The society of respected film critics that hands out the annual Gawad Urian in cinematic excellence

Endo: Depicting a social problem without pontificating


WITH all our concerns in this world, do we even bother to pause and think about the circumstances in life of those people who wait on us in restaurants, the sales clerks who get the correct size and shade of shoes that we buy in department stores and those young food attendants who take our orders in burger joints? Yes, those people we snap at when they bungle up on the job.

Do we even bother with the fact that these people don’t even have security of tenure and that in five months they’d be out of job and out in the streets looking for another way to earn a living?

The lives and tentative future of these young people is what we get to see in UFO Pictures’ “Endo” (End of Contract), which won the Special Jury Prize in the 2007 Cinemalaya.

Directed by Jade Castro, who co-writes the script with Michiko Yamamoto and Raymond Lee, “Endo” shows two young people Jason Abalos and Ina Feleo flit from job to job to job and find true romance. From flipping burgers to selling shoes to scrubbing bathroom floors—they do all that, but only for five months. No, its not because they are so lousy on the job (although Jason was fired once for screaming at an overbearing customer), but because they are contractual workers and are never regularized.

For the past three decades or so, that’s how the greedy capitalists work, with one mall owner being the most notorious; he hires workers only on a contractual basis so that they don’t become regulars and eventually he doesn’t get to pay benefits.

Of course, there will always be people who would agree to this kind of arrangement and sign this pact with the devil because this is better than not having any job at all. But after five months, they’d be out of work and join the rest of the unemployed. This is such a raw deal, but that is life in this country.

In “Endo”, while Jason and Ina slave it out on the job and off, they manage to keep their relationship, maintain friendships with people they meet at work, and attend to the needs of their families. It’s just a regular routine for them—like this is how life is supposed to be…until they reach their end of contract.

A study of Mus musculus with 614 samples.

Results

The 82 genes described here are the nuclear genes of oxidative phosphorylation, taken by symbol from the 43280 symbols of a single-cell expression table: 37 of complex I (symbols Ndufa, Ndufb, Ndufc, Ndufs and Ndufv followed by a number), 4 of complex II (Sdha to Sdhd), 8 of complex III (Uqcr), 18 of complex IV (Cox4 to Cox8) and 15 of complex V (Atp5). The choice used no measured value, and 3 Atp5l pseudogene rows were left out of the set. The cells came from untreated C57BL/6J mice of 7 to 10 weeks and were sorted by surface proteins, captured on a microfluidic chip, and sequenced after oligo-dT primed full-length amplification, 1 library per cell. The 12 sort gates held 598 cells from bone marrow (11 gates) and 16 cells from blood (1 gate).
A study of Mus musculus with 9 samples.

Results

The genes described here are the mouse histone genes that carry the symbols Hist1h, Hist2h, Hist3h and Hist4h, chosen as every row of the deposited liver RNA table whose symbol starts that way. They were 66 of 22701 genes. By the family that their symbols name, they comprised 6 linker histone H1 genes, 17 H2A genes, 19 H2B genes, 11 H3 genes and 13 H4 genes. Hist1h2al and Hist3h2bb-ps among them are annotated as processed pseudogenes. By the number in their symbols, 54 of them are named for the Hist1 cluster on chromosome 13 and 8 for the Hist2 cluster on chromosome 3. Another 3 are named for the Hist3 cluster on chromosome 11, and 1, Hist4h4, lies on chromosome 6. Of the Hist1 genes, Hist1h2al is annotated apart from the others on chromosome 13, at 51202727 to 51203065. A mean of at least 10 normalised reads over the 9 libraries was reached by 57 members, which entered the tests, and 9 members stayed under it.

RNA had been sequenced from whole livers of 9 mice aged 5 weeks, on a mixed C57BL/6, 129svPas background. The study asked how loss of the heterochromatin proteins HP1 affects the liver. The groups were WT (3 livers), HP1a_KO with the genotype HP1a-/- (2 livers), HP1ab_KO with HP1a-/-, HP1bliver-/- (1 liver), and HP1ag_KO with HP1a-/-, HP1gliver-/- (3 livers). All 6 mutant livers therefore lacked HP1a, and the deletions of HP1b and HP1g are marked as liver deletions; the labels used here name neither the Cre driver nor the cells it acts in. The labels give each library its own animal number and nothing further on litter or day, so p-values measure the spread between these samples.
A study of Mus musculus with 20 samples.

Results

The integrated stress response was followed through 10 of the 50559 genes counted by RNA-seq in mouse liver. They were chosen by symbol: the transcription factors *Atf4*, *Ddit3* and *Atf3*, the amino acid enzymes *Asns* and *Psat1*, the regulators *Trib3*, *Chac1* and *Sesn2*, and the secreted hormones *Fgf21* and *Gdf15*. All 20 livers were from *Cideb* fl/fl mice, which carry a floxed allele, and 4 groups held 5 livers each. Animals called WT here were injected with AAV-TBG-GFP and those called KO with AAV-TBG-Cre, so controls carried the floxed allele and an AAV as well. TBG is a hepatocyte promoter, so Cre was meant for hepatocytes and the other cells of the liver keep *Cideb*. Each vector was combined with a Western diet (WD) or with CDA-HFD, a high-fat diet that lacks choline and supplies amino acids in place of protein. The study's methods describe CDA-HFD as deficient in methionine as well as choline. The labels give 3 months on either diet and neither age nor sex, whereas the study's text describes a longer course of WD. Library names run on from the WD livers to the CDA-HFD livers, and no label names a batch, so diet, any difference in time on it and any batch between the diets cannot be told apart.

The situation is so effectively depicted that viewers fear for their future. Is this the kind of life they—and the countless other young people at the mercy of employers—willl have forever? It’s the classic hand-to-mouth existence.

Since “Endo” is the type of film that doesn’t preach, we don’t hear any of the characters complain or whine about their sorry situation—again, like it is the normal course of things. It shouldn’t be that way and it is cause for concern that everyone has accepted this kind of unfair labor practice due to poverty and lack of better work opportunities.

In the movie, Jason and Ina have fully accepted their fate and embraced the fact that the only way for them to have a brighter future is to slave it out abroad. Slavery still, but with better pay. And so this is the kind of life most people in this country have (and they are supposed to be forever grateful that they somehow are still capable of finding jobs to tide them over). This social problem is so realistically depicted in “Endo,” but without pontificating (actually, I’m the one doing it in this review—having been so carried away by the film’s message that is conveyed most subtly).

Graded A by the Cinema Evaluation Board, the movie does not resort to hysterics—no big scenes to jolt the viewers and encourage them to instigate mass action against capitalism. But important things you need to know about the current social situation in this country are in the film.

The director has creditably slowed down the beat and pacing of the film, but without necessarily boring the viewers. The viewers stay glued to their seats anticipating each and every twist and turn of the story.

Surely, it helps that the two young leads—Jason and Ina—are more than competent actors whose performances help “Endo” succeed as a film. Ina, who won the Best Actress award in Cinemalaya for this movie, is luminous and has powerful screen presence. It’s like she was born to romance with the cameras. If there is one weakness to her performance it is the fact that her very Class A-B background and obviously sophisticated upbringing still manifest in how she talks and conducts herself in the film. It is an almost excellent performance and it is obvious she got the best traits of talented parents Johnny Delgado and Laurice Guillen.

Both Jason and Ina get strong support from secondary players Ricky Davao (as Jason’s father), Alchris Galura (as Ina’s brother) and Mailes Kanapi (who was Tonya in a recent stage version of “Insiang,” as Ina’s sympathetic co-worker. Their performances, plus the solid material they work on, make them look so real you cant’ help but relate to them and understand their station in life.

However, while we empathize with the plight of these contractual workers, we should also realize that we as paying customers—in fastfood outlets, department stores and groceries, etc.—are in the end the biggest victims of this unfair contractual practice enforced by unscrupulous businessmen.

Just look at how it works: A contractual worker joins a company, is hastily trained to do the job and by the time this person has mastered the craft and the entire operational system, he or she has to go. End of contract.

And the cycle continues: The poor customer again has to deal with a clueless and bumbling newcomer who has yet to learn the ABCs of the job and will never be given the chance to be good at it since five months is such a relatively short time to prove your worth if you truly want to be serious with your work. Now, you know why service in this country is so bad. Think about it and weep.